Where do you fall when it comes to unfinished quilts? Earlier this year I conducted a survey of readers on the topic. Everything from true confessions on the number of quilts under construction to attitudes towards these projects. Over 400 people answered the survey and I am finally able to share the results. My own current number sits at 47. It certainly creeped up this year!
What counts as a quilt under construction? I left the definition of unfinished open, by design. For some people a stack of fabric counts as an unfinished quilt, for others it is a quilt top. I let everyone define that personally.
Just how many quilts under construction do you have? A few of you have 0, zero! unfinished quilts. A a few of you have over 100 quilts sitting unfinished. Most of you, however, are in the 10-15 unfinished quilts range.
What I think is more telling is how people feel about their number. I asked people does this number stress you out?
Unfortunately, it didn't occur to me to have these questions link so I could figure out the statistical correlation (I am not a survey designer by trade). Same goes for the next question, where I asked people how many is too many?
In looking informally through all the responses though, it appears (but is not proven) that those that have a higher number don't seem all that stressed by the number. Nor do they think there is such a thing as too many. I have a theory about that.
It comes down to perspective. If people view quiltmaking as a means to an end - a process by which we make a product - they get hung up on numbers and checking things off lists. Must finish becomes a mantra because their goal is a finished quilt. But if people view quilting making as an end in and of itself - a process that may or may not result in a product - then the number doesn't really matter.
Of course it should be said that at some point the majority of us do want to finish quilts. We are, ultimately, trying to make quilts here. If the emphasis, however, is on the finished product over the process we might as well go to the mall and buy a factory made piece.
Back to the survery results.
Let's get practical. I asked where in the process do you generally stop working on a quilt? The question about process was left open ended, so the numbers don't add up to 100%. But the results are still telling.
I know, for me, making a backing and basting are my blockades. Quilts pile up there. It seems I am not alone. Those are tedious tasks, no doubt.
One question and the most popular answer probably tell the story here. The question was asked, what makes you stop working on a quilt?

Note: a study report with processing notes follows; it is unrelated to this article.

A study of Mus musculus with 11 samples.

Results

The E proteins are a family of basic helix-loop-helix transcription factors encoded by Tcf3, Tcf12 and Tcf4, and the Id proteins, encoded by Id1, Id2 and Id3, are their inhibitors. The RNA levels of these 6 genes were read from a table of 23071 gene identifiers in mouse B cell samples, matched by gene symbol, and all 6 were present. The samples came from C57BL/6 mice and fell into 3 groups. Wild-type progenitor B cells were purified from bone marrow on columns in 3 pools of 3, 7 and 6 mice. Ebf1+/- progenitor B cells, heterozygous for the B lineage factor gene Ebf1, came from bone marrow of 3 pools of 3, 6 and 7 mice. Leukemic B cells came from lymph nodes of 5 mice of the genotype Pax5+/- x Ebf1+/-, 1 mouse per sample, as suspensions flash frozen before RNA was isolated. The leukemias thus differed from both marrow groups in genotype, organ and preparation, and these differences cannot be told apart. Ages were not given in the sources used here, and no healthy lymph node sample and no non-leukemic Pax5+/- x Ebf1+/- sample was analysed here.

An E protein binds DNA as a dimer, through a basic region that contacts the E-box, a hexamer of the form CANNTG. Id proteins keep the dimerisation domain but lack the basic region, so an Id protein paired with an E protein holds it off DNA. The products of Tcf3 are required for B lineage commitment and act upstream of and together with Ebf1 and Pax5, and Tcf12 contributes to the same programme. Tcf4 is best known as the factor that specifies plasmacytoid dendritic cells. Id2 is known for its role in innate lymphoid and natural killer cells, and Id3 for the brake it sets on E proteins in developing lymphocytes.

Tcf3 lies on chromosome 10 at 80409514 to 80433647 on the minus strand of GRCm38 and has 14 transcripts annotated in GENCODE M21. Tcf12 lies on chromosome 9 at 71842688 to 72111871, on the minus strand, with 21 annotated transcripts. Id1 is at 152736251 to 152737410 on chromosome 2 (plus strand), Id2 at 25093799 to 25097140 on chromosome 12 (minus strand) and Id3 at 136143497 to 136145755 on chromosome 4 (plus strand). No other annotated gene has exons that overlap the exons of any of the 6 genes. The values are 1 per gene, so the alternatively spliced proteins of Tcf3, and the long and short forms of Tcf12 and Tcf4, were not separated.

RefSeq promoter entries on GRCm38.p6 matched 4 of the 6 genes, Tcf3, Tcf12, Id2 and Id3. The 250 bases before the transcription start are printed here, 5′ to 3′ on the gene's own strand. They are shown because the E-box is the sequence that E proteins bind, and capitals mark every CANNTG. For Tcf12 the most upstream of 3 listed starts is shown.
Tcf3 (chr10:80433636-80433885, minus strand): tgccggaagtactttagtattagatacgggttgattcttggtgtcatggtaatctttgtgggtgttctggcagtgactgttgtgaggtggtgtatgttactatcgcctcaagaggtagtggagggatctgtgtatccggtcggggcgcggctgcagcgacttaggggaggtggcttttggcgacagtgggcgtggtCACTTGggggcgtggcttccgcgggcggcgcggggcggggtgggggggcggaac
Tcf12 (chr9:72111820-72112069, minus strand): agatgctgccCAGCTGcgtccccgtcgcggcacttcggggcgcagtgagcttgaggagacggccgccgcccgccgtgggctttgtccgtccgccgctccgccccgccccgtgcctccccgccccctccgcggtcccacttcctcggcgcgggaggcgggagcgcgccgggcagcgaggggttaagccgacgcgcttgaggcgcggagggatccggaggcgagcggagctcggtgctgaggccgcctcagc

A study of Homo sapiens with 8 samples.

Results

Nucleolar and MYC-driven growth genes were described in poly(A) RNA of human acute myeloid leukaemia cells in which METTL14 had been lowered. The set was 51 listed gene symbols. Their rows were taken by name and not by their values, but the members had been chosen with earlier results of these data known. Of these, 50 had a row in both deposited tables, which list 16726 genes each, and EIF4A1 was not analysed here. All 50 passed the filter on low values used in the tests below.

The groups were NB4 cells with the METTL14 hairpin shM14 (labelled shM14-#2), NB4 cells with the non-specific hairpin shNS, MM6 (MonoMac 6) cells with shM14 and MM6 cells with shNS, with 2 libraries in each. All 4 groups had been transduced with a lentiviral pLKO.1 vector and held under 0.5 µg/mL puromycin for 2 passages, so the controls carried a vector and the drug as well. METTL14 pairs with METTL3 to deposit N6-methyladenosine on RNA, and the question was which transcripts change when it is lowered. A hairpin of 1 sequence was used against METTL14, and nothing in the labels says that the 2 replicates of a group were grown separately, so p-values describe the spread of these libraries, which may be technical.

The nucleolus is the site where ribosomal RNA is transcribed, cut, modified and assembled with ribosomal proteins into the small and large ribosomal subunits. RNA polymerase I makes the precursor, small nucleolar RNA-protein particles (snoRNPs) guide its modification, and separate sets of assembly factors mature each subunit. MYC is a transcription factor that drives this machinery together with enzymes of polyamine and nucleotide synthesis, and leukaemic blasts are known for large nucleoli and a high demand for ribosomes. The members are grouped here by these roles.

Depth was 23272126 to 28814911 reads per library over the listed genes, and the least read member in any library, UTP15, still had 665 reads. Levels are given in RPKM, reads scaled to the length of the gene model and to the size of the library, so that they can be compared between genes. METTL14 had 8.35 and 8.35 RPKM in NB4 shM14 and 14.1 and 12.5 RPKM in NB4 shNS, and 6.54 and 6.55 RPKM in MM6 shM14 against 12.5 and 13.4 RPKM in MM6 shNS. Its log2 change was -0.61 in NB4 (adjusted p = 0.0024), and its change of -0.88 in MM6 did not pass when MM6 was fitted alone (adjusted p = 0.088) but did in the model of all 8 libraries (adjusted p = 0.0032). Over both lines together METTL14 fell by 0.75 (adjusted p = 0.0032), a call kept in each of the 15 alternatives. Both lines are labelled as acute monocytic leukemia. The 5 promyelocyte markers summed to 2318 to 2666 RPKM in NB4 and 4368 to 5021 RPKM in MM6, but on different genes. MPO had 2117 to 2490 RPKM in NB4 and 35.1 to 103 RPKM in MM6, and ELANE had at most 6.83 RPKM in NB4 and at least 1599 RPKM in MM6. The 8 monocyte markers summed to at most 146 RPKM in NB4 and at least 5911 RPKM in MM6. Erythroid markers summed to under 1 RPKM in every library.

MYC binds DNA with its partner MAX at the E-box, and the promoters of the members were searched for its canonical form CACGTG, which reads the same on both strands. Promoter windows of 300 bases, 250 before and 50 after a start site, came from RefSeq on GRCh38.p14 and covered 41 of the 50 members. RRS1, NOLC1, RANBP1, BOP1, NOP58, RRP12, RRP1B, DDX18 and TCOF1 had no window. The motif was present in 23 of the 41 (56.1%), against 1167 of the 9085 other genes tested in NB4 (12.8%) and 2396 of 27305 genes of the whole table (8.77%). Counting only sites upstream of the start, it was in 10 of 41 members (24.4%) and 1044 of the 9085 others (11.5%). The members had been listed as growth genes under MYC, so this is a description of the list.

Overwhelmingly, the answer was what one respondent referred to as Shiny Object Disorder. Something else becomes more inspiring in that moment. Or we get bored. It's pretty simple. Other answers included uncertainty about quilting plans or skill level. And that ever present need to wash the floors to baste a quilt!
I was able to present these results and my take on them in a lecture at QuiltCon in February. For the rest of you who weren't there I am happy to both share the results here and my full take on them in the latest issue of Modern Quilts Unlimited. In the article I defend all these unfinished quilts as markers of creativity. If we take on the Five Ps of quilt creativity we can all see it this way.
- Perception - how you view your quiltmaking in general makes a huge difference in how you view unfinished quilts, your skill level, and creativity
- Planning - approaching quiltmaking willy nilly is fine for some, but most of us require a more thoughtful approach to a project and practical considerations of space, time, and money
- Process - there should be as much joy for you in the process as the product
- Practicality - how we manage the unfinished quilts in our space and minds
- Play - bringing that spirit of playful joy to our quiltmaking
Long time readers will recognize these themes from posts. After nearly 20 years a quilter I've learned a few things, and I don't just mean hand applique. When we start our quiltmaking we almost always all start with products in mind. Some of us stay there and some embrace process more. Neither is more right than the other. When it comes to quilts under construction, however, I do need to defend every single one you have as a mark of creative action. Even if it's been years since you touched that project it does not represent a failure, it celebrates creativity! Own it.